Ever wondered what effect our efforts to limit global warming to two degrees will have on the European economy and labour market by 2050? A new study by the Fraunhofer Institute for Systems and Innovation Research (ISI) provides some illuminating answers.
Klaus Jacob, Fraunhofer-Gesellschaft
As demonstrated most recently by events in Copenhagen, international climate conferences are generally pretty tough affairs. But while politicians wrestle over reduction targets and percentage points, we tend to lose sight of the fact that a great deal of hard scientific research has gone into these figures. A veritable army of experts do the preliminary work for the negotiators, so that any potential agreements are not just words uttered in a vacuum.
The Fraunhofer Institute for Systems and Innovation Research ISI in Karlsruhe recently took the lead in producing a particularly intricate report on global change on behalf of the European Commission. In the report, entitled “ADAM two-degree scenario for Europe – policies and impacts”, ISI researchers worked together with experts from a number of other institutes and countries to gaze far into the future – to the year 2050 – and find answers to questions such as ‘What will Europe have to do in the interim to limit global warming to two degrees?’ and ‘What effects will our efforts to do this have on individual countries’ economies and labor markets?’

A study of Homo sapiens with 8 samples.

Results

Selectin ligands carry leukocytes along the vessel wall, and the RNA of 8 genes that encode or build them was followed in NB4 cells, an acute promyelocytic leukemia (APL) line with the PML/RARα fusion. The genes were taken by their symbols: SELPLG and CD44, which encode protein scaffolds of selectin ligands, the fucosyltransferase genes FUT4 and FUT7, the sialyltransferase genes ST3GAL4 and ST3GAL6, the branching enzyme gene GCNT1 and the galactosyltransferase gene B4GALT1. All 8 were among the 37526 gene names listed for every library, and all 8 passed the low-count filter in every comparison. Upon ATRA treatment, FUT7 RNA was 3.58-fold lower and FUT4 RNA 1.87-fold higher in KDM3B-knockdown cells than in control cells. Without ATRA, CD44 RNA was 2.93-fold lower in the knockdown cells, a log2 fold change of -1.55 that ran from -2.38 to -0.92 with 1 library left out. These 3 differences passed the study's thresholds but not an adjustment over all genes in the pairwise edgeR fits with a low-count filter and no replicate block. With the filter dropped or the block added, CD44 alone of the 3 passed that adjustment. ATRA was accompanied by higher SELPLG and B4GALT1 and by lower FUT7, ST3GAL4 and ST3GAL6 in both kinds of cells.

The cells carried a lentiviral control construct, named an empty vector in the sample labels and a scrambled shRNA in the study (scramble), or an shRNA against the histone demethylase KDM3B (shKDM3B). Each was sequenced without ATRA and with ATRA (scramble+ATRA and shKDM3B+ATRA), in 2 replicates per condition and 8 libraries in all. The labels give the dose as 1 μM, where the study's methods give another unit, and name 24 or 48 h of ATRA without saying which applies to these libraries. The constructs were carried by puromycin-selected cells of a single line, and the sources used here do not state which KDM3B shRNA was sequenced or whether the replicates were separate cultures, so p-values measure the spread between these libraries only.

Scientists and politicians are now agreed that the Earth’s temperature must not be allowed to rise more than two degrees above pre-industrial levels if the effects on mankind are to be kept within tolerable limits. There is also a general consensus that, as the primary sources of greenhouse gases, the industrial nations must cut their emissions by a far greater amount
than developing and emerging countries.
For them, there is talk of a reduction target of 80 per cent by 2050 compared with the base year of 1990, and the study produced by the ISI has proved that Europe is perfectly capable of achieving this without any detrimental effect on its economy.